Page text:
I stumbled upon this image on Period Paper and had to learn more. Using the text on the image I found that it was from W. Max Müller’s series, Egyptological Research: Results of a Journey in 1904, which was published by the Carnegie Institute of Washington in 1906.
The lithograph of the women depicted a painting on the wall of the Tomb of Ann’a located on the Theban necropolis (mount Shêkh ‘Abd-el-Qurna) in Egypt. It was built in the Middle Kingdom, during the 18th dynasty, around 1500 bce (3500 years ago).
The tomb had been excavated in 1891 by Boussac and then left open to anyone, which resulted in serious damage to the tomb. When Müller arrived 1904 he was determined to record what he could for future researchers.
“I have tried to save for science by sketching, tracing, and photographing the part which is of special value to the anthropologists, viz, the representations of the foreign nations bringing tribute to Egypt.”
He described the four women pictured as Syrian, (Asiatics being any number of peoples from the east of Egypt), three of the women are slaves due to the presence of their children (I don’t quite understand but that’s what he says) while the woman without a child is believed to be an Asiatic princess “for the harem of the king of Egypt”. All four women are in high class dresses, owing to the generous tucks of fabric and the blue and red embroidery or fringe on their dresses. Müller notes that depictions of Syrian women are very rare in ancient Egypt and that this one should be taken as representative of Asiatic types not a depiction of an actual historical event.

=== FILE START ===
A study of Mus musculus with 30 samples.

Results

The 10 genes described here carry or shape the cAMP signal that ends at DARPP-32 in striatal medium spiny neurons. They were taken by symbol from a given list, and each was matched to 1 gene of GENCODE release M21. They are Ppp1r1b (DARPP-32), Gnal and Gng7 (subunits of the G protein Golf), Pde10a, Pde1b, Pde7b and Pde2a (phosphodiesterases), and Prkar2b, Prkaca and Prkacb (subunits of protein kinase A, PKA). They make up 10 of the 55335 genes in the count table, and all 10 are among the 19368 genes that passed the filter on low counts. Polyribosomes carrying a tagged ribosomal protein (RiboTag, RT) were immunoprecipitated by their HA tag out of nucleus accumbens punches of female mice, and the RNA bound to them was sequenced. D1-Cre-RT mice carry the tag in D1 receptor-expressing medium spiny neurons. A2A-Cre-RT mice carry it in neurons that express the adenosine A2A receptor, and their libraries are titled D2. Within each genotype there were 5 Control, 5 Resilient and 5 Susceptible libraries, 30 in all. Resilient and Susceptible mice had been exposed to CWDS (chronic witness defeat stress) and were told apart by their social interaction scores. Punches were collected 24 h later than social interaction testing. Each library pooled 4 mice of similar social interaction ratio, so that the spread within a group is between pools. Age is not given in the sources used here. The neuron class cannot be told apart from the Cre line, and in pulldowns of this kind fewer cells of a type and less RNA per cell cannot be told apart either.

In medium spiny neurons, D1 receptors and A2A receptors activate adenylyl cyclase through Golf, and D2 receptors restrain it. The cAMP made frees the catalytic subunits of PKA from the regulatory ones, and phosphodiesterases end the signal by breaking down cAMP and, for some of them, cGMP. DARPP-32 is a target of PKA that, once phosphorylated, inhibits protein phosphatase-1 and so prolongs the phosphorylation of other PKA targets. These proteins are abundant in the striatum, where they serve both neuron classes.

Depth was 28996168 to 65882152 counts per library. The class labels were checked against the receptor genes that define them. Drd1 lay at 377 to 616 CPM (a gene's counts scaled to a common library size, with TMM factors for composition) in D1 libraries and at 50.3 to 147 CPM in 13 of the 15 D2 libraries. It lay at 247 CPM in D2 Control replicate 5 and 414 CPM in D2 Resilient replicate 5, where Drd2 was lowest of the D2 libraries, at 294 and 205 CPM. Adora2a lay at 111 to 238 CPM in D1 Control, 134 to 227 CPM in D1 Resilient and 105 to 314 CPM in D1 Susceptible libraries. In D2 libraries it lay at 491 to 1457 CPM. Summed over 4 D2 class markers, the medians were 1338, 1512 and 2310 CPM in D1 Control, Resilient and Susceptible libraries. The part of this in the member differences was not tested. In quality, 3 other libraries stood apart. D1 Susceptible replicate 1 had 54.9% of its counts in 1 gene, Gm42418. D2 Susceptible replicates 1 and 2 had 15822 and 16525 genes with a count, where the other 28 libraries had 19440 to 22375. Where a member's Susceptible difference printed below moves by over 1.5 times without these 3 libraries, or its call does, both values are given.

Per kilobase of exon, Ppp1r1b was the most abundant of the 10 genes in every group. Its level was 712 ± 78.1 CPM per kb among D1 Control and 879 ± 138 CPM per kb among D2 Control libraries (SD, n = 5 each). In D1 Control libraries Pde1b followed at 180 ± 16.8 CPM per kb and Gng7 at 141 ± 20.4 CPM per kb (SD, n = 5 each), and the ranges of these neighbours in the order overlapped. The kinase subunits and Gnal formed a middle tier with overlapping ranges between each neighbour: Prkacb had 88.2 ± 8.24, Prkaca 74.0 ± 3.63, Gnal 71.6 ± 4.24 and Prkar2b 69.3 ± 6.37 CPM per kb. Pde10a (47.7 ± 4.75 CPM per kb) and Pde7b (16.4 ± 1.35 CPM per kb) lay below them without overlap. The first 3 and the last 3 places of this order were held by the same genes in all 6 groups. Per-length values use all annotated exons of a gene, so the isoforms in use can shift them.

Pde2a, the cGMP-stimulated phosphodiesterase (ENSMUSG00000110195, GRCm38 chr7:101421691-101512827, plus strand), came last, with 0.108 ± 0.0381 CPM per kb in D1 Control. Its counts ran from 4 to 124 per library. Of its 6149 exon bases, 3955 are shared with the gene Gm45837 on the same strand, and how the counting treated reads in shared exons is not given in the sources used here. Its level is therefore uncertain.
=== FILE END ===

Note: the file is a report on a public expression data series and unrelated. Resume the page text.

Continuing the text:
“Is the white (i.e. linen) bag in which the children are carried on the mother’s back a part of the clothing? I suspect it is. The first woman has indications of a piece of cloth (like a plain seam) running over the right arm and shoulder; likewise the following person, who seems to support the right arm by it; notice there the embroidered seam. It would appear that this is the same piece which, unwrapped and held up (by a string or by its own end) serves as a carrying-bag for the baby; But is it then a loose end of the shirt-like dress?”
Müller isn’t entirely trusting of the original artist, thinking that they perhaps were a bit lazy about cleaning paint brushes and so painted colors on garments they felt should have more color without consideration for how ancient Syrians actually dressed. And, perhaps, wanting to depict the slave-babies the artist simply painted babies how they were commonly seen carried in Egypt.
“The babies (one carried on the shoulder in the way still most common in modern Egypt) are stark-naked, as is the rule both with Syrian and Egyptian children in such representations. Only one wears a princely costume– a long shirt (the Hebrew kuttoneth) with characteristically embroidered seams. The tress on the crown of children, which other paintings exhibit (somewhat similar to the ancient Egyptian characteristic of children), has not been observed by our artist.”
The child in princely costume is assumed to be a high born or royal child sent as a hostage to Egypt: “The richly clad child with the third woman would then not be the child of his leader, but some young nobleman sent to Egypt as hostage.” Now, hostage might give the wrong impression, in the European middle ages, noble or royal families sent their children to other families to be raised involuntarily, as a hostage, but still well-treated, like a house guest who wasn’t allowed to leave until they were grown and well-indoctrinated. But I could be totally wrong here and maybe he using the term hostage in the sense of kidnapping to coerce the hostages to meet demands.